At one time, chisels would be handed to people visiting Stonehenge, so they could chip away at the ancient monument to get their own souvenirs.
But the practice has been outlawed since 1900, when landowner Sir Edmund Antrobus decided the site needed protecting and introduced charges.
Before then, anyone who visited the site could walk freely among the ancient stones.
Now, the stones are fenced off, with private access allowed only by special arrangement.
English Heritage said an attack on the revered stones on Thursday, during which a piece of the Heel Stone was chipped off with a hammer and screwdriver, was believed to be the first of its kind in many years.
Nearly 1m visitors a year flock to the 5,000-year-old World Heritage Site.
Thousands of visitors also flock there for traditional pagan festivals, the summer and winter solstice and spring and autumn equinox.
For 15 years, until the summer solstice in 2000, the Wiltshire site was protected by a four-mile exclusion order, following a series of public order problems.
Lifting the ban, English Heritage appealed to solstice visitors to remain peaceful and respectful during their visit, and the event - and subsequent events - passed largely trouble free.
In December 2006, winter solstice visitors were left red faced after turning up for the celebrations on the wrong day.
The 60-strong crowd were allowed into the site by English Heritage despite arriving a day early, but were advised to always check the date in future.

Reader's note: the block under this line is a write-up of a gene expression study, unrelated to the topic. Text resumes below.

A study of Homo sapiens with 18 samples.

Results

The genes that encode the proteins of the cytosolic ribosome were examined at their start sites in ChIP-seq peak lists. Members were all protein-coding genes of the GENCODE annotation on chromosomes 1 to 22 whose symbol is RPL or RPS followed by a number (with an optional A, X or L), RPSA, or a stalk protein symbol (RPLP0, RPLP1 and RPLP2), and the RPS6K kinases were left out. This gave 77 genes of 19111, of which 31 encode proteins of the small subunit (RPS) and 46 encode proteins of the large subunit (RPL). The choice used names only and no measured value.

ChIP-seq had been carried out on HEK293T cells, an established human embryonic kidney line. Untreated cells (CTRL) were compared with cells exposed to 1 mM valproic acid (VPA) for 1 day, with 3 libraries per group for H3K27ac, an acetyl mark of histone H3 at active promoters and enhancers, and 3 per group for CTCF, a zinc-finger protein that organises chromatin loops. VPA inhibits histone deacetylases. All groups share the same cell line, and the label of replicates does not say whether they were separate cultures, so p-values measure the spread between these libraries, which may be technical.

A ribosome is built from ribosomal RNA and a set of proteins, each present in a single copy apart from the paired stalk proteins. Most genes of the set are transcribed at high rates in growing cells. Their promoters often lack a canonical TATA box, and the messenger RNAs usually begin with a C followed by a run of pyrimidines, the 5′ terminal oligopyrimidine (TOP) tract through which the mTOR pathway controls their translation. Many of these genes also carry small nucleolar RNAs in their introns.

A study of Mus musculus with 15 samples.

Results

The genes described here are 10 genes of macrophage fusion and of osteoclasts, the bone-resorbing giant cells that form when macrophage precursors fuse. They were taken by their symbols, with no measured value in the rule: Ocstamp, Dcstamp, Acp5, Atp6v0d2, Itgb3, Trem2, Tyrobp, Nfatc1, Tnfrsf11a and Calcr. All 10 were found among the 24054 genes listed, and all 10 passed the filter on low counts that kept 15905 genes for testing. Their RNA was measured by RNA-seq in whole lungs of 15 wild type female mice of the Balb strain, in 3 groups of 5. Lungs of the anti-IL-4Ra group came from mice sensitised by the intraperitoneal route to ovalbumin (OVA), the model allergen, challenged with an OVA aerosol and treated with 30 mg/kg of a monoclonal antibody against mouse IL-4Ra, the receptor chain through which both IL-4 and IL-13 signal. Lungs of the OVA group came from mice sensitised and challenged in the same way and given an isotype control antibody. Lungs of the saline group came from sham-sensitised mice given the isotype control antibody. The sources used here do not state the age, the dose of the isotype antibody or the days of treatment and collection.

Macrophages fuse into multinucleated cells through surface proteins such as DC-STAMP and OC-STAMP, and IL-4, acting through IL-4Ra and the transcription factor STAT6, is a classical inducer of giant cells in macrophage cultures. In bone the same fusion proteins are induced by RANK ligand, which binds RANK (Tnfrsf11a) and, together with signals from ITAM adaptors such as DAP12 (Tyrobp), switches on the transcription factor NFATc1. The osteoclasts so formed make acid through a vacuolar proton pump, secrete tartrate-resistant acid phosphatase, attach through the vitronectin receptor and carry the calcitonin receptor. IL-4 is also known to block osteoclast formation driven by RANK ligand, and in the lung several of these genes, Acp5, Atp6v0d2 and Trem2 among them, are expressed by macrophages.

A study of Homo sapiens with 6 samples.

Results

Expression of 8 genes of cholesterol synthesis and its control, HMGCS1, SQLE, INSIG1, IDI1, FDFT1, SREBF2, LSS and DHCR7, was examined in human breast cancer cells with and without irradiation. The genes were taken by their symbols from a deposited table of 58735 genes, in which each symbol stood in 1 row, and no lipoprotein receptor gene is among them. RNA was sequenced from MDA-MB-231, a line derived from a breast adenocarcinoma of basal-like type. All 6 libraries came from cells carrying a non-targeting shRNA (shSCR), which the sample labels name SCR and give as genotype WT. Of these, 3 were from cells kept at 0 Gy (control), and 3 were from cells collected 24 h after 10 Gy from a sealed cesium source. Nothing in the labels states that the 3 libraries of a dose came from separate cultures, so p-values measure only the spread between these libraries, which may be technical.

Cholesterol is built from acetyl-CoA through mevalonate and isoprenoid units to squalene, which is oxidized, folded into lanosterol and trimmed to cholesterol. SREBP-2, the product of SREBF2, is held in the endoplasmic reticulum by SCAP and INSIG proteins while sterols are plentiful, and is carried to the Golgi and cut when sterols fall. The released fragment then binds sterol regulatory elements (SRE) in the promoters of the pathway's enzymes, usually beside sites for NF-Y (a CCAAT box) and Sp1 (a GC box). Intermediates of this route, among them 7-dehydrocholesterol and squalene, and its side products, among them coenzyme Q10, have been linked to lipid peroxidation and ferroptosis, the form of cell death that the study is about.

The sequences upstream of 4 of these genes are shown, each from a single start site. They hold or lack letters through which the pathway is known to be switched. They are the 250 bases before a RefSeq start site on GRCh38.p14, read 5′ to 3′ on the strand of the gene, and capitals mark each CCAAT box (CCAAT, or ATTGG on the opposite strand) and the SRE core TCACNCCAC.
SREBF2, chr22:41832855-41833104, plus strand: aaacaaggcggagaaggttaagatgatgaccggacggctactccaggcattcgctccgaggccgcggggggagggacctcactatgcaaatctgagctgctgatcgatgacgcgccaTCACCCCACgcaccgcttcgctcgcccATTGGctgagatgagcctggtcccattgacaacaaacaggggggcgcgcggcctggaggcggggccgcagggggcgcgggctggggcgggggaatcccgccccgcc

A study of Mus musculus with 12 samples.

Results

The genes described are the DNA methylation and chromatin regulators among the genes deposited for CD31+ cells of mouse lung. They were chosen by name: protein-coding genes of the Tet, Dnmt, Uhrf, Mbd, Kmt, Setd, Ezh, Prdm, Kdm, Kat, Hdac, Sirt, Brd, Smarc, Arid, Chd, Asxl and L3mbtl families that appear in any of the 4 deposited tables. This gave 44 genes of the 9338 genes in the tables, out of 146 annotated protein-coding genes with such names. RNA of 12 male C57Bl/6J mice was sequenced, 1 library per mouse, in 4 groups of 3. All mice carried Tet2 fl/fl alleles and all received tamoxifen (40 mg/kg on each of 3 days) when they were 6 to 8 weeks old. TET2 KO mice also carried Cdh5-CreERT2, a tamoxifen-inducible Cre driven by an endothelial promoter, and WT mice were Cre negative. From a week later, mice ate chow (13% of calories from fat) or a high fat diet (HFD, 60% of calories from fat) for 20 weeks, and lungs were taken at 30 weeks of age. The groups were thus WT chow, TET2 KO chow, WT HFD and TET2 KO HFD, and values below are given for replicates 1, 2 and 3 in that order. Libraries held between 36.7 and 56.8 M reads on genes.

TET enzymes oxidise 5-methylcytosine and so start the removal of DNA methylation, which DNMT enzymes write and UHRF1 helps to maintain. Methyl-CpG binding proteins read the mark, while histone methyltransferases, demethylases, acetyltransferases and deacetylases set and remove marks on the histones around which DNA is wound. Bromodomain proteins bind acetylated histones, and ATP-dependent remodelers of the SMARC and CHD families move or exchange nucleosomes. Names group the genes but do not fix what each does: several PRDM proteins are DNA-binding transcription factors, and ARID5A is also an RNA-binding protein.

Chisels were once handed out to Stonehenge visitors
One reveller said: "There were an awful lot of red faces."
Though a spokeswoman for English Heritage said the organisation could not remember a recent incident of vandalism at the site, it did become the focus of a protest in 2007.
Three men from the group Fathers 4 Justice, dressed as cartoon characters from the Flintstones, scaled the monument and unveiled a banner.
English Heritage said it was disappointed with the protestors and felt the demonstration not only disrespected the stones, but could damage them.
The men were arrested by Wiltshire Police on their descent, and two of them later fined.
Stonehenge was bought by its last private owner, Sir Cecil Chubb, for £6,600 in 1915.
He presented it as a gift to the nation in 1918.
The site was substantially restored in the early 20th Century, when stones which had started to fall over were straightened and set in concrete.
More recently, the site, which was originally built in three stages of construction requiring more than 30 million hours of labour, has been the focus of attention from archaeologists, rather than engineers. A 2008 excavation - the first in four decades - aimed to try to establish some precise dating for the creation of the monument.
In April, archaeologists said they had broken through to a layer which could finally explain why the site was built.
Their findings are expected to be made public in the autumn.